Dallas — Lou Dobbs would like you to call him a realist. The anchor and managing editor of CNN’s Lou Dobbs Tonight presented a sobering view of our nation’s future at the first annual Insurance Accounting & Systems Association’s (IASA) Executive Edge conference, held this week in Dallas. The conference brought insurance executives together for a two-day educational and networking opportunity.

If attendees held their breath listening to Dobbs describe the economy’s dark side, they let out a sigh of relief upon hearing Bob Hartwig, president of the Insurance Information Institute, deliver a dose of reassurance that, when compared to other industries, insurance is faring better than most.

Dobbs made his “wake up and smell the roses” statements largely against a political backdrop, describing a world of high-ranking political “elites” that he believes function not to preserve the American value system of liberty and equality created under the Constitution, but instead, focus on preserving their own elitism.

“I consider this a real, clear and present danger,” Dobbs said. “There is a disconnect between the reality we must contend with, and the public policy created to manage it.”

Dobbs blamed the national media for failing to recognize and report on the reality of what is happening [in this country]. “For some reason unknown to me, the greater press does not seek truth, justice and the American way,” he said.

Dobbs reminded the audience that in the United States, currently there are 11 million people out of work—with the prospects of this rising to 12 million by the end of the year. “This is where the true pain begins, because it’s an acknowledgement that we have bankrupted this nation,” he said.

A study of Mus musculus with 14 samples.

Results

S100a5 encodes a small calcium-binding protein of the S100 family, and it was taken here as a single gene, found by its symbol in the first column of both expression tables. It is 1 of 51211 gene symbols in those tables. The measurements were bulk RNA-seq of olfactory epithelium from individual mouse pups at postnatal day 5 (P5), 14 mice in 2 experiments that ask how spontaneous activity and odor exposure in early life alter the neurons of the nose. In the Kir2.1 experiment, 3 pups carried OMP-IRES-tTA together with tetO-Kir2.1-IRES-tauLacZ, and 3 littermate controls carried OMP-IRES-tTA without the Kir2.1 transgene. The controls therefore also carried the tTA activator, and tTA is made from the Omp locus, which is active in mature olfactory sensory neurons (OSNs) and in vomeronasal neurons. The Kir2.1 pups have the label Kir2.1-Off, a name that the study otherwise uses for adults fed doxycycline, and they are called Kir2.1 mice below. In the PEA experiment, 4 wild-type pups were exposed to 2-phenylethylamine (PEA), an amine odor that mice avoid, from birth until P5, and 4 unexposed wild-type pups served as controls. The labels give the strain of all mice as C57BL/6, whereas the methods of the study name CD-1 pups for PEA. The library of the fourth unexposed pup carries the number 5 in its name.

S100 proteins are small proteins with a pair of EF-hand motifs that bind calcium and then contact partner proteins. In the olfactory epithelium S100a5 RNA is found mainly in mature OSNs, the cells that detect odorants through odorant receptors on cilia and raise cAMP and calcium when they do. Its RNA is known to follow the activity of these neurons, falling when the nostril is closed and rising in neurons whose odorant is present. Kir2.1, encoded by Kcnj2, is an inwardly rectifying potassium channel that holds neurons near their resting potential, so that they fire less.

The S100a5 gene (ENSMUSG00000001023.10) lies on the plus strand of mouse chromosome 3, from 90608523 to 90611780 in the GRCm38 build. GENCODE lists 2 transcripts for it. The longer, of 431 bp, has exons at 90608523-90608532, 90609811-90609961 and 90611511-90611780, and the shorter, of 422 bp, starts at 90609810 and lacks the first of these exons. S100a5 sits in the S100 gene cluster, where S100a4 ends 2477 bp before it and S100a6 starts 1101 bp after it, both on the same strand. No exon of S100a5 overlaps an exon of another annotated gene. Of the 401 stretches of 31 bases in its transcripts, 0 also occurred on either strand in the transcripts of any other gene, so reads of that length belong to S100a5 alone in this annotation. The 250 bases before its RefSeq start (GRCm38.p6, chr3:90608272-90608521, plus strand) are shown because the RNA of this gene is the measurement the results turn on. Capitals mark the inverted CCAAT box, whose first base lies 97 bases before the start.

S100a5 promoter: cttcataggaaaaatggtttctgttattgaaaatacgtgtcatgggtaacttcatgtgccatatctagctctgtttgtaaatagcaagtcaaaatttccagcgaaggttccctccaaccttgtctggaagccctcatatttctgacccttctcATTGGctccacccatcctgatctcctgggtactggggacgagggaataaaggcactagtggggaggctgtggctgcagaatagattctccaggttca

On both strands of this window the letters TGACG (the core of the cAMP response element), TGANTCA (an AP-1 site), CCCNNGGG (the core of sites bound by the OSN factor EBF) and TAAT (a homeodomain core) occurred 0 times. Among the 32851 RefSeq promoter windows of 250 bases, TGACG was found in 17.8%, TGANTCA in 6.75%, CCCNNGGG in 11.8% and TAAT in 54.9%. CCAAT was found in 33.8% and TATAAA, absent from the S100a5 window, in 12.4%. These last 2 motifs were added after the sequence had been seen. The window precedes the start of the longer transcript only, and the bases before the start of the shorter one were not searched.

While Dobbs maintained that the bailout of AIG was caused because the company “eliminated risk from the discussion,” Hartwig offered clarification: AIG’s problems stemmed from a London-based subsidiary not involved with the sale or management of insurance products.

“How many insurance companies have shut their doors because of this crisis? Zero,” Hartwig said. “At this point, 22 banks have shuttered.”

Indeed, said Hartwig, the policies and processes in place at banks versus insurers are telling evidence in the midst of the economic crisis that insurers are holding their own. Hartwig pointed to insurers’ superior underwriting discipline and risk management models as examples. “Banks sought volume, and largely ignored risk,” he said.

Further, insurers don’t rely on borrowed money to underwrite risk. “Debit is not typically a big part of an insurer’s financial structure,” Hartwig added.

Insurers’ conservative, high-quality investment portfolios, and the ability to maintain a strong relationship between underwriting and risk-bearing activities are yet additional reasons insurers are faring better than banks.

“Banks typically invest in real estate, then securitize those investments, severing the link between risk management and risk bearing,” Hartwig said. “This has led to disastrous results.”

The negative impact of the economy didn’t stop Hartwig and Dobbs from offering audience members some positive action steps going forward.

“If you consider that nine of the 12 most expensive disasters occurred within the last four years,” said Hartwig, “it’s a testament to continue to conduct business the way we have, with disciplined underwriting practices.”

Dobbs offered broader, yet sanguine, advice. “We are stewards to a promise made 200 years ago—freedom d equality ” he said. “The amazing, extraordinary thing about this country is that we remain in power to control our destiny. We must first awaken to the reality of our nation’s problems, and extend ourselves and our industry to embrace engagement, and shape it to the opportunities and challenges before us.”